The world was a much different — and cheaper — place in 1908.
That, of course, was the last time the Chicago Cubs won the World Series before their thrilling Game 7 extra innings victory over the Cleveland Indians in the early hours of Thursday morning. (Sorry, Cleveland. At least you have LeBron and the Cavs!)
In 1908, a Hershey candy bar cost just 2 cents. That’s only 51 cents in 2016 dollars, if you adjust for inflation.
A Hershey bar today costs you three times as much — $1.59 on Target’s web site. (Thanks to Food Timeline and Oregon State University political science professor Robert Sahr for the data! Official government inflation numbers only go back to 1914!)
A box of Kellogg’s Corn Flakes was only 10 cents, 108 years ago. That’s $2.56 in today’s dollars. A 24-ounce box now costs $3.45 on Jet.com, the e-commerce site being bought by Walmart. So it looks like cocoa has been a hotter commodity than corn!
Baseball players also weren’t making nearly as much money in 1908 as they are now.
According to Baseball-Reference.com, the Cubs ace pitcher Mordecai “Three Finger” Brown took home an annual salary of $3,500 in 1908. That works out to only about $90,000.
A rookie in Major League Baseball today earns a minimum salary of $507,500. And World Series MVP Ben Zobrist made $10 million this year. That doesn’t include his signing bonus, or any other incentives.
Fans didn’t have to pay as much to see the game Wednesday night either.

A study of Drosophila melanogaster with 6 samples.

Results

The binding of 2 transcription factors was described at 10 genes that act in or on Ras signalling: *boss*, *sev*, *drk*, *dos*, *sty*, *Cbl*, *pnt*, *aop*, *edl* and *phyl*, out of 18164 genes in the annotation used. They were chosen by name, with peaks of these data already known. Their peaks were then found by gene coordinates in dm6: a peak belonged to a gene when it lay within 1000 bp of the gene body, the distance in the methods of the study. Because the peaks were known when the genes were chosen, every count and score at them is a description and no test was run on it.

A seat in the grandstands at Chicago’s West Side Grounds (Wrigley Field didn’t exist yet) cost just $1.50 for a World Series game in 1908.
The stock market looked a heck of a lot different in 1908 too. The Dow Jones Industrial Average was trading around 63. Yes, 63. Two digits. It’s currently hovering around 18,000.
And the companies in the Dow were nothing like today’s leaders in finance, technology and retail. No American Express, Apple or Home Depot obviously.
Amalgamated Copper, American Sugar, Colorado Fuel & Iron, National Lead and U.S. Rubber were some of the leading components.
So was U.S. Steel, which still exists today but is nowhere as big as it once was. (Or even as big as it was in the late 1950s when Hyman Roth told Michael Corleone in “The Godfather Part II” that the mafia was bigger than U.S. Steel.)
GE is the only Dow component that still is in the index today. And it only joined in 1907, replacing Tennessee Coal & Iron.
Hopefully, Cubs fans won’t have to wait until 2124 to celebrate their next championship, I can’t even imagine what companies will be in the Dow then.
–CNNMoney’s Chris Isidore, Richa Naik and Michael Tarson contributed to this story.